Our View: Congrats to people who preserve Fort Assinniboine
October 15, 2013
Fort Assinniboine has for decades been the hidden jewel if the Hi-Line.
A group of volunteers has been working to restore buildings at the fort, which closed it doors in 1911 after protecting the Hi-Line 32 years.
It is one of the best maintained forts of its era in Montana. Many of the original buildings are still standing, thanks to the dedicated efforts of volunteers and donations from local and state organizations.
The fort attracts people to the area every year. People enjoy seeing the buildings that once housed soldiers, including the famed Buffalo Soldiers.
This is why we’re glad to hear that the Montana Preservation Alliance has given one of its top awards to the Fort Assinniboine Preservation Association.
It’s good news because a handful of people have done a lot of unappreciated work over the years, and they richly deserve the praise they are getting from the state organization.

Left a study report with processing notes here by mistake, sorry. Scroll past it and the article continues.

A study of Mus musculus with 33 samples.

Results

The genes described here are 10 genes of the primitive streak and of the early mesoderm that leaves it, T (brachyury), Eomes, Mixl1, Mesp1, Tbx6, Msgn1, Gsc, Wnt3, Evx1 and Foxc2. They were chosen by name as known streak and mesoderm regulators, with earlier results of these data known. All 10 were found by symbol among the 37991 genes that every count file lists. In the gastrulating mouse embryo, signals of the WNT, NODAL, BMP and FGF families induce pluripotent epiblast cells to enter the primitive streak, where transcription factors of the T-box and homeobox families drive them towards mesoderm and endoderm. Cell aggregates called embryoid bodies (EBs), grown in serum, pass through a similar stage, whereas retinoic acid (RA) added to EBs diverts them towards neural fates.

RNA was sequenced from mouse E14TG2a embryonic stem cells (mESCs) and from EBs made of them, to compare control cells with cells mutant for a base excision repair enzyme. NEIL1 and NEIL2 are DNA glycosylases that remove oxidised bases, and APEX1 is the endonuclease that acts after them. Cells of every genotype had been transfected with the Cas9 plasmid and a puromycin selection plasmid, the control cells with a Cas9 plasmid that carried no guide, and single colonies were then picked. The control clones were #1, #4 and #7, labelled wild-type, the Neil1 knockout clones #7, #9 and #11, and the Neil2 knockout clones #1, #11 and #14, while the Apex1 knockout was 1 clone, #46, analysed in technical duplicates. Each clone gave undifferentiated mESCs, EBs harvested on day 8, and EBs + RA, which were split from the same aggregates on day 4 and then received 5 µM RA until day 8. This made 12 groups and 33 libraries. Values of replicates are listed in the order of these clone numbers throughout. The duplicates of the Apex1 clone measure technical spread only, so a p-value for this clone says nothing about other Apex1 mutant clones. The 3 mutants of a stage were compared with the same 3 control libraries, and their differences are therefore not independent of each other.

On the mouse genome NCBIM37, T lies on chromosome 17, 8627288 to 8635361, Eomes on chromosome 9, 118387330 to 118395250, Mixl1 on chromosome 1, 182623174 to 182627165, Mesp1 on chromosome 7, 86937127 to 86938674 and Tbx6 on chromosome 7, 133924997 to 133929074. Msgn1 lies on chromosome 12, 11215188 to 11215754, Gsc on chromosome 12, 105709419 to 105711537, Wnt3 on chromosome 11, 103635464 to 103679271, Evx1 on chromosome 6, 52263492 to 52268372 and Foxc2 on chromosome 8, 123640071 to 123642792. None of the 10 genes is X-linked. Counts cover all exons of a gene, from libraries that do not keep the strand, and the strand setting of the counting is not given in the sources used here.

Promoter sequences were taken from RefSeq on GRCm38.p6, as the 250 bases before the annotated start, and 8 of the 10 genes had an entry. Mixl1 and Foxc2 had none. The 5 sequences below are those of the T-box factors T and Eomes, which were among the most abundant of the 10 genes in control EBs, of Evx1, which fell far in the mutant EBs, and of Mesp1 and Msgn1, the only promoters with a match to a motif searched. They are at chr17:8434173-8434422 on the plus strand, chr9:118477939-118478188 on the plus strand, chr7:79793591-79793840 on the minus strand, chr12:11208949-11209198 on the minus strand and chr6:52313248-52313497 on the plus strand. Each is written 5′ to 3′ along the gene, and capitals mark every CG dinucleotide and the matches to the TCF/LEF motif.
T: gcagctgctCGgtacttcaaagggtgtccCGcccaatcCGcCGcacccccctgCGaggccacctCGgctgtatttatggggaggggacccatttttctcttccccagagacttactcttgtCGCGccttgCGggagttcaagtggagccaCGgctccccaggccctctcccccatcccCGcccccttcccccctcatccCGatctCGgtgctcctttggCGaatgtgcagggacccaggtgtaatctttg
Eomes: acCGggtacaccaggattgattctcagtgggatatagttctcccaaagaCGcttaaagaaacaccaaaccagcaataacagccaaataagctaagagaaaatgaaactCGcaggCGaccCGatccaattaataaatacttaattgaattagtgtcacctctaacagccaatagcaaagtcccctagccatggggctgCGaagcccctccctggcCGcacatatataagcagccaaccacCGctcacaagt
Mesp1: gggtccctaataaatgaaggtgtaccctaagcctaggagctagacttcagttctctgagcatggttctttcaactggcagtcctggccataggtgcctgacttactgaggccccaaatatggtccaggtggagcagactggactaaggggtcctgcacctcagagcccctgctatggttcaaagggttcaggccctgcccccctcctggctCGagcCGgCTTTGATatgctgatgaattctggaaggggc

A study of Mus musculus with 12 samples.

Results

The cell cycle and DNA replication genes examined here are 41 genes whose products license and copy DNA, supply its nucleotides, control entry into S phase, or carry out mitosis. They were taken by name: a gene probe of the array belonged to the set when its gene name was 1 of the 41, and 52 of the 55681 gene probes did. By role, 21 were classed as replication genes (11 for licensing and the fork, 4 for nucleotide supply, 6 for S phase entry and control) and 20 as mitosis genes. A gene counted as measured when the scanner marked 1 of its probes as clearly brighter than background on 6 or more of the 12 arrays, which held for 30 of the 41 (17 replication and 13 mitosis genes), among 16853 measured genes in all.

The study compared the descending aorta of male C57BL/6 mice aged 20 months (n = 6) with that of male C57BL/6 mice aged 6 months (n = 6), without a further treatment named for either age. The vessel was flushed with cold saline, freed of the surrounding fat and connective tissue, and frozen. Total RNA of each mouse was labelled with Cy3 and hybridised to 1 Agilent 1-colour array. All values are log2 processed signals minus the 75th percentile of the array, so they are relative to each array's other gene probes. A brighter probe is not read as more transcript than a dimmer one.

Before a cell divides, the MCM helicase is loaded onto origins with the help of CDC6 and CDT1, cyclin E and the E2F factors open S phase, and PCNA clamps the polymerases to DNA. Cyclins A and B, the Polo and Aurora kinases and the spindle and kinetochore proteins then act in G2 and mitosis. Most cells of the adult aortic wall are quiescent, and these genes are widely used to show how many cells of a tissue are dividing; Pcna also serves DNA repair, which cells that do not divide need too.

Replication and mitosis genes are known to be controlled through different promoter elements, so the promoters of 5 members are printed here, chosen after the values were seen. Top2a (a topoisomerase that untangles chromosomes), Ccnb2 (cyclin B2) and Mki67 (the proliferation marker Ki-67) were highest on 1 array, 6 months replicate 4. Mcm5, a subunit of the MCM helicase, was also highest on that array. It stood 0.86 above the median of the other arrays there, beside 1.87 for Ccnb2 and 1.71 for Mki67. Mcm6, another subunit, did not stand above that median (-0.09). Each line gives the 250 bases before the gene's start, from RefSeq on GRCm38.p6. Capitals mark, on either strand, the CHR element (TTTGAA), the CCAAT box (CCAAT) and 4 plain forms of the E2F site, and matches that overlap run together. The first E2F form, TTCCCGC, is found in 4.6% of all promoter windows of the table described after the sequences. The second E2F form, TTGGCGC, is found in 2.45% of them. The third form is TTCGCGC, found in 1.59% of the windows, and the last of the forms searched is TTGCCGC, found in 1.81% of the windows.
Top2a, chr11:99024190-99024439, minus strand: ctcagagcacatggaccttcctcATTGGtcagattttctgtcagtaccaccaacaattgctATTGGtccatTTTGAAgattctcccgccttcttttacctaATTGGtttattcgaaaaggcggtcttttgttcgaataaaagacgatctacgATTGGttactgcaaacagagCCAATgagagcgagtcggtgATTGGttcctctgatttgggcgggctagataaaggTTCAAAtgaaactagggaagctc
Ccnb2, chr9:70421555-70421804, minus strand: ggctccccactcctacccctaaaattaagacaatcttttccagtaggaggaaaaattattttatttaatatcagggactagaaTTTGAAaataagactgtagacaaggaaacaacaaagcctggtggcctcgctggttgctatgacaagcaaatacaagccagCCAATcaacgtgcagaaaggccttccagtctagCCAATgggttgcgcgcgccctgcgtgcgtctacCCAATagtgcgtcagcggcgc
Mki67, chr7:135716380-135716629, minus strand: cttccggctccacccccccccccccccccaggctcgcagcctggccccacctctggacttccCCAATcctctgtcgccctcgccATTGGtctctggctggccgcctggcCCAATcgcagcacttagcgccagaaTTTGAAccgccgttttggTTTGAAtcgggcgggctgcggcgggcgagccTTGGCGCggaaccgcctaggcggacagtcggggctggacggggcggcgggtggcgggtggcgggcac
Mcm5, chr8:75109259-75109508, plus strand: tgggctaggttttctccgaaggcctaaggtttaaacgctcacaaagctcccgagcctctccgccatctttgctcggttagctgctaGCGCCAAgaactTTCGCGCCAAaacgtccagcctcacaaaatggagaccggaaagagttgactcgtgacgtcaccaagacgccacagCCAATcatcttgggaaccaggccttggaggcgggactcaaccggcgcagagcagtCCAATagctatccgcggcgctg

This courageous group of volunteers has worked many long hours to get the money and manpower needed to keep things afloat at the fort. Things are maintained, and some buildings have been renovated.
Treasurer Lynda Taplin pointed out, however, that some of the work that is needed now will be more costly.
That brings up another advantage of winning such a prestigious award. People who dole out money for projects such as this pay attention to awards such as this.
It won’t be easy to get the money needed to bring the fort up to the shape we wish it were in. Foundation grant money is drying up, and the U.S. government may not have money to pay its debt, much less money to preserve a national landmark.
But when Taplin writes grant requests, she will be able to say that state officials are paying attention to what we are doing in Havre.
That will be great for Havre and its tourism efforts. We can’t help but think that with a little bit more publicity, more people will come to see it.
Beyond that, it is important — no, essential — that our history be preserved. The fort was the first major European-American institution on what is today the Hi-Line. Its creation preceded the formation of the city of Havre. It was closed before Hill County was formed.
In order to know what our future holds, we have to know who we are. To know who we are, we need to know our past.
The fort was one of the first steps in the creation of this great place we call the Hi-Line. We need to preserve it.